Candidate isn't looking for solutions, but throwing insults in race to bottom
David Clemons
David Clemons has served as editor and publisher of The Covington News since 2017. - photo by Tory Bouchillon

Each election cycle, candidates try to look for that one message that sticks with voters.

Often times they’ll use a prop, to varying success.

Staff writer Darryl Welch pointed me to U.S. Rep. Bo Ginn’s 1982 commercials with the slamming jail cells.

“If you a pusher, meet the shover,” Ginn said as he slammed the iron bars shut. (Joe Frank Harris must have been one heck of a politician to beat a message like that. Harris beat Ginn in the Democratic runoff and went on to two terms as governor.)

Watch Bo Ginn's 1982 "Meet the Shover" ad on YouTube.

This time around, Brian Kemp is trying to make himself out to be the true champion of the Second Amendment in the Republican primary. His “Jake” ad, in which he makes sure the young man interested in dating one of the secretary of state’s daughters is appreciative of Kemp’s healthy respect for gun rights, got nationwide attention.

Of course, that was the point. Kemp — or at least his campaign — had to know it would get mileage on the right every time the left was critical. They took the bait too and Kemp made sure Georgians knew which national media outlets accused him of pointing the gun at the teen.

Kemp released a follow-up ad in which he says his chain saw “is ready to rip up regulations” and his Ford truck is ready “just in case I need to round up criminal illegals and take ’em home myself.”

One candidate though decided he had to outdo Kemp’s F-350 and got his own old school bus, battleship gray, called the “deportation bus.”

Former state Sen. Michael Williams took said bus on the road this week from Gainesville to Clarkston to Decatur — “sanctuary cities,” he called them. The tour was supposed to go on to Athens from Decatur but couldn’t due to what his campaign described as “Antifa protesters and radical liberals.”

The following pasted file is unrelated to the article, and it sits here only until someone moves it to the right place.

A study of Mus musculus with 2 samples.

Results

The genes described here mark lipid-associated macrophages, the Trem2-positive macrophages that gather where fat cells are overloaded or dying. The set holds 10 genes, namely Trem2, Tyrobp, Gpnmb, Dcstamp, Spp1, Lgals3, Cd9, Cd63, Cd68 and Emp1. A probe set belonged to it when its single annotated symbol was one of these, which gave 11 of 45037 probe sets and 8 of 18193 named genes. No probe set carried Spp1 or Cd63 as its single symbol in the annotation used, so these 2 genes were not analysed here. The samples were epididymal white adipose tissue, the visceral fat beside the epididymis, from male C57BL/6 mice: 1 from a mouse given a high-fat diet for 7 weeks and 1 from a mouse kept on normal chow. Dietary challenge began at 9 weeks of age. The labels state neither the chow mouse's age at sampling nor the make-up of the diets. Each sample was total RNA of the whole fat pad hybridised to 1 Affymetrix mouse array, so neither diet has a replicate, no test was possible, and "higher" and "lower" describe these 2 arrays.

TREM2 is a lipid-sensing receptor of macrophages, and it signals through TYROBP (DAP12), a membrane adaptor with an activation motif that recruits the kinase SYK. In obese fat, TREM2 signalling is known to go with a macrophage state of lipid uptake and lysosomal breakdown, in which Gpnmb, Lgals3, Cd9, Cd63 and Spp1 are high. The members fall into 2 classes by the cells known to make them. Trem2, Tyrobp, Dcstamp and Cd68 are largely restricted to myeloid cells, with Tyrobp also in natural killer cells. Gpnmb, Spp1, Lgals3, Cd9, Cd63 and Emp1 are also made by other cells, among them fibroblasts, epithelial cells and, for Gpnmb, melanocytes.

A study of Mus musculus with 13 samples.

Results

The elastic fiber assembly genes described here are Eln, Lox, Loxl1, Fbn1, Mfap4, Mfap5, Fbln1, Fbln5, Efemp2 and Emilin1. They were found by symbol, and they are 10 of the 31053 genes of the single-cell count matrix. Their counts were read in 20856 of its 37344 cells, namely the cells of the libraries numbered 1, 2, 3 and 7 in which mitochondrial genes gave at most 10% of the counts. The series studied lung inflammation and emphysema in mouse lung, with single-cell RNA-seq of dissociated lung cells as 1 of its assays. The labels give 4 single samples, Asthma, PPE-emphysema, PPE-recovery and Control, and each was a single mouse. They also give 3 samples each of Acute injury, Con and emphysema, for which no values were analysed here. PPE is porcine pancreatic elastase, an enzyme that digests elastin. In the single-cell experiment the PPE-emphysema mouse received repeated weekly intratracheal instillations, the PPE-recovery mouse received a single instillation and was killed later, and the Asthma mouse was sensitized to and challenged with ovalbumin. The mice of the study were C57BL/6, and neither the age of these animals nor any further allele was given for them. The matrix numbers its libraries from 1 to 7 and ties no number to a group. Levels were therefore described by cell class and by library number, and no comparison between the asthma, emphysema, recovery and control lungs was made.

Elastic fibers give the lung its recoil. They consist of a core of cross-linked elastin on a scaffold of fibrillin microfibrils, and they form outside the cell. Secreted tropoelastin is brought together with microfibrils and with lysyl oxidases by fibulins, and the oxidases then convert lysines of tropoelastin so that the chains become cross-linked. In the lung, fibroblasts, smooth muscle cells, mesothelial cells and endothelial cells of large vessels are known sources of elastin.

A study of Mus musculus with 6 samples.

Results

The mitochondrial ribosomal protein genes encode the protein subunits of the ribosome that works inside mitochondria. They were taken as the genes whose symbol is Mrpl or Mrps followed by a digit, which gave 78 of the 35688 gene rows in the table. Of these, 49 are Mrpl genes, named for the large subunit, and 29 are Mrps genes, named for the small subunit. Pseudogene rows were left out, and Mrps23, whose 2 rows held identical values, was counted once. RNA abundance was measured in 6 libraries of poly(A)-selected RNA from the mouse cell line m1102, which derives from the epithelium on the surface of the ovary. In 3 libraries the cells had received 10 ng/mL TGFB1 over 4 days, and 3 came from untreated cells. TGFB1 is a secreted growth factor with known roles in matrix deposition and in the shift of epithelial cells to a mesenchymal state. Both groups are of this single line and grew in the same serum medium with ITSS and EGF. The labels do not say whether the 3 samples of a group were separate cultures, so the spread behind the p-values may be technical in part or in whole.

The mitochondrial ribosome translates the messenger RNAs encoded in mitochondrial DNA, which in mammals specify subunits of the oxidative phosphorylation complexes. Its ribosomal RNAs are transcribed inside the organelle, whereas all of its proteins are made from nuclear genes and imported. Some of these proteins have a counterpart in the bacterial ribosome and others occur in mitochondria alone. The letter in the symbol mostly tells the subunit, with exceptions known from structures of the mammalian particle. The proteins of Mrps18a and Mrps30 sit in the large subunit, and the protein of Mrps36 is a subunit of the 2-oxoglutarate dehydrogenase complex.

That’s a shame for him because Athens is lovely this time of year when the college students have gone home and the restaurants downtown aren’t nearly as crowded. I’d suggest Pouch, but it’s got an international menu and might not be the look his campaign is going for here in the final days.

(And if he can’t overcome a few protesters in Decatur, how’s he going to get past real challenges?)

This is the same guy who weighed in on the Boy Scouts allowing girls because — well, I don’t know why he weighed in as it has nothing to do with the challenges facing Georgia. He did suggest that if such “politically correct bedwetters” were in charge during World War II, “You’d be reading this in German.”

“Our great nation desperately needs more John Waynes and fewer Pajama Boys,” he said.

Actually, what our great nation needs is politicians who can discuss actual problems and work out solutions for them, not just call names.

I know Williams has the training to do these kinds of things because he has a liberal arts degree. He got it at the University of Montevallo, the same place I got my degree. Our time in Shelby County, Alabama, didn’t overlap, but we didn’t miss each other by much. We would have had many of the same professors and been taught in much the same way — to value collaboration and to appreciate the different perspectives people bring to a project.

Name-calling like he’s doing would have been a no-go, not because of being politically correct for the sake of being PC, but because we’re expected to be better.

Montevallo is where I learned not everyone was like the people who grew up with me in a small, rural community. I’m better for that experience.

In the final weeks of this GOP campaign, I’ve heard from several classmates in Georgia and others who have read about Williams’ antics. None have been impressed.

More than one has asked if his degree can be revoked.

I wouldn’t suggest going that far, but I do hope he’ll lose Tuesday. I hope he loses so badly that future candidates won’t think of pandering to voters’ worst inclinations as he’s done.

I’ve heard privately from people in the Republican Party, even elected officials, who have said they are disgusted by some of his tactics. You should be too. Georgia, we’ve got to be better than this.

David Clemons is the editor and publisher of The Covington News and a 2003 graduate of the University of Montevallo. His email address is Twitter: @scoopclemons.